Jordan Figueiredo, the food waste activist, founder of EndFoodWaste.org, and force behind the campaign, says Albertsons is one of the “prime offenders” in only selling “the most pristine and perfect produce” – basically fruits and vegetables that fall within certain parameters of color, size, and shape – and that it would have a big impact on ending food waste if the company began selling less-than-perfect produce. Researchers believe almost half of the produce grown in the U.S. gets tossed out, according to a July 2016 Guardian story.
“We were successful with Whole Foods and Wal-Mart and we still wanted to get the larger supermarket chains on-board so Albertsons, which owns Safeway, was a likely next step,” Figueiredo told Modern Farmer. “Also, it’s a bit personal for me since I’ve shopped at Albertsons and Safeway almost my whole life and they’ve shaped my view of supermarket produce, and likely many others.”
Whole Foods began a pilot program last year in several of its California stores to sell imperfect produce at a discount. Other retailers, including Wal-Mart and Hy-Vee, have also begun selling imperfect produce at a lower cost to the consumer. This Albertsons campaign, which launched last month, has garnered more than 21,000 signatures on a Change.org petition asking the company’s CEO, Bob Miller, to consider sourcing, selling, and marketing ugly produce in line with what other stores are doing.
A 2015 U.S. Centers for Disease Control and Prevention report found that 90 percent of Americans don’t eat the recommended daily servings of fruits and vegetables. In many cases this problem comes down to the higher cost of these items over less healthy food, so selling nutritious produce that would normally be tossed out at more affordable prices seems like a win-win to Figueiredo.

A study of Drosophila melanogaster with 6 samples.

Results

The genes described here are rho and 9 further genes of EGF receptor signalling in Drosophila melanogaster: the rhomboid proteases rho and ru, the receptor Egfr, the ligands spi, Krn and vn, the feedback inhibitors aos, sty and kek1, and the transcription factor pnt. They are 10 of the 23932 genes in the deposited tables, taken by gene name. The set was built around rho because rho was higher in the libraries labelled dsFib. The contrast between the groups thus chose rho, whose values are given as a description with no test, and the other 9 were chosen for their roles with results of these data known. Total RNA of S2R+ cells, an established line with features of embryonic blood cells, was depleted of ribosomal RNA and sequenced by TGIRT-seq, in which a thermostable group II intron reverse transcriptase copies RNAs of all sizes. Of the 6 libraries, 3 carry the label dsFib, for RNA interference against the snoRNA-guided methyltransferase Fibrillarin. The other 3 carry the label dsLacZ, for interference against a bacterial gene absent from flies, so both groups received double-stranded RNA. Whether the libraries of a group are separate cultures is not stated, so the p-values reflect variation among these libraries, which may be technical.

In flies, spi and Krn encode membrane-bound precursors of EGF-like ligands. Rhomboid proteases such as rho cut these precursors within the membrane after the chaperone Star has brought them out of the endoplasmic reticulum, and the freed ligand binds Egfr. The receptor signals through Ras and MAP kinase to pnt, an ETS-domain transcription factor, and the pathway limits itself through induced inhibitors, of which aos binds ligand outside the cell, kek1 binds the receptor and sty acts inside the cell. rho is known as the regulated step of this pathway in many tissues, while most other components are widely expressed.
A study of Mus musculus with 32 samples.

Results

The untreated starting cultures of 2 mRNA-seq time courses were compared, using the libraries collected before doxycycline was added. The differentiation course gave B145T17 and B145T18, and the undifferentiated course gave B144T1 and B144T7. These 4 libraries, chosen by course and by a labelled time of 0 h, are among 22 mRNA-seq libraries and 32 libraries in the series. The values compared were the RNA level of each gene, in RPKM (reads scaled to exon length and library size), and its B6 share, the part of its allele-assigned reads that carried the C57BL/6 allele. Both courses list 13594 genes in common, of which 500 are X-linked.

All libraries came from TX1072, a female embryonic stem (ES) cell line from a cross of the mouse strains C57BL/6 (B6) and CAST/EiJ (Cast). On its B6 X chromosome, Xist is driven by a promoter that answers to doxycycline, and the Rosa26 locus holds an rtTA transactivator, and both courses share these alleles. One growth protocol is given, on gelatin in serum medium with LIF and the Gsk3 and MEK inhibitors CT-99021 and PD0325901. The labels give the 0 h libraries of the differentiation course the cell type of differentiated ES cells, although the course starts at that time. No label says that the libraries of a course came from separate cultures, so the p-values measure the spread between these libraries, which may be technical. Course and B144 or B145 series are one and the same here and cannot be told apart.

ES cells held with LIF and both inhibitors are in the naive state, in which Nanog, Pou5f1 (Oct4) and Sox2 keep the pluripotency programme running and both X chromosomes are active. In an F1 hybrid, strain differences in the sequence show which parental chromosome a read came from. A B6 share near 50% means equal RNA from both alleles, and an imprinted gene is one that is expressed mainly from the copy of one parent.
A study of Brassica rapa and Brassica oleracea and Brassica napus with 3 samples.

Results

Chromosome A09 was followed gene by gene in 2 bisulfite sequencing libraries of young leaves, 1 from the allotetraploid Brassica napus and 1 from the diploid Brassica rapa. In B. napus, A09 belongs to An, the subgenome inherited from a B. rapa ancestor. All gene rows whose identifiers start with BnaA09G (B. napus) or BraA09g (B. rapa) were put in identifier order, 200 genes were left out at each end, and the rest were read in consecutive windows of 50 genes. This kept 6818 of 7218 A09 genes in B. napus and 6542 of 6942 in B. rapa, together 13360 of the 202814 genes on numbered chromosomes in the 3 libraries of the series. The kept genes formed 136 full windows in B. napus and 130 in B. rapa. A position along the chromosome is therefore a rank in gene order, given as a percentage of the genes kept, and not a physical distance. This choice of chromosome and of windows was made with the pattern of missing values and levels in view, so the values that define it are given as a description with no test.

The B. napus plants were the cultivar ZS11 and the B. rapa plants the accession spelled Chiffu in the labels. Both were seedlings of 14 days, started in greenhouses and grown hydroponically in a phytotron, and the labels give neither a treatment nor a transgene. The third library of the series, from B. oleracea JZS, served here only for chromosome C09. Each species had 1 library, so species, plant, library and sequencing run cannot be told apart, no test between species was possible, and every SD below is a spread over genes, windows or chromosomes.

Figueiredo says Albertsons hasn’t contacted him since the petition went live, but the company has previously said they weren’t looking into selling ugly produce. Figueiredo believes he will “eventually” succeed in getting Albertsons to change its policies since “every major supermarket” will have to deal with the issue of food waste at “some point.”
“Over 20 billion pounds of perfectly good produce going to waste before [it gets to] stores in the U.S., mostly for cosmetic reasons, is insane,” he says. “We all have to do something about this issue and supermarkets have the biggest opportunity and responsibility to do so.”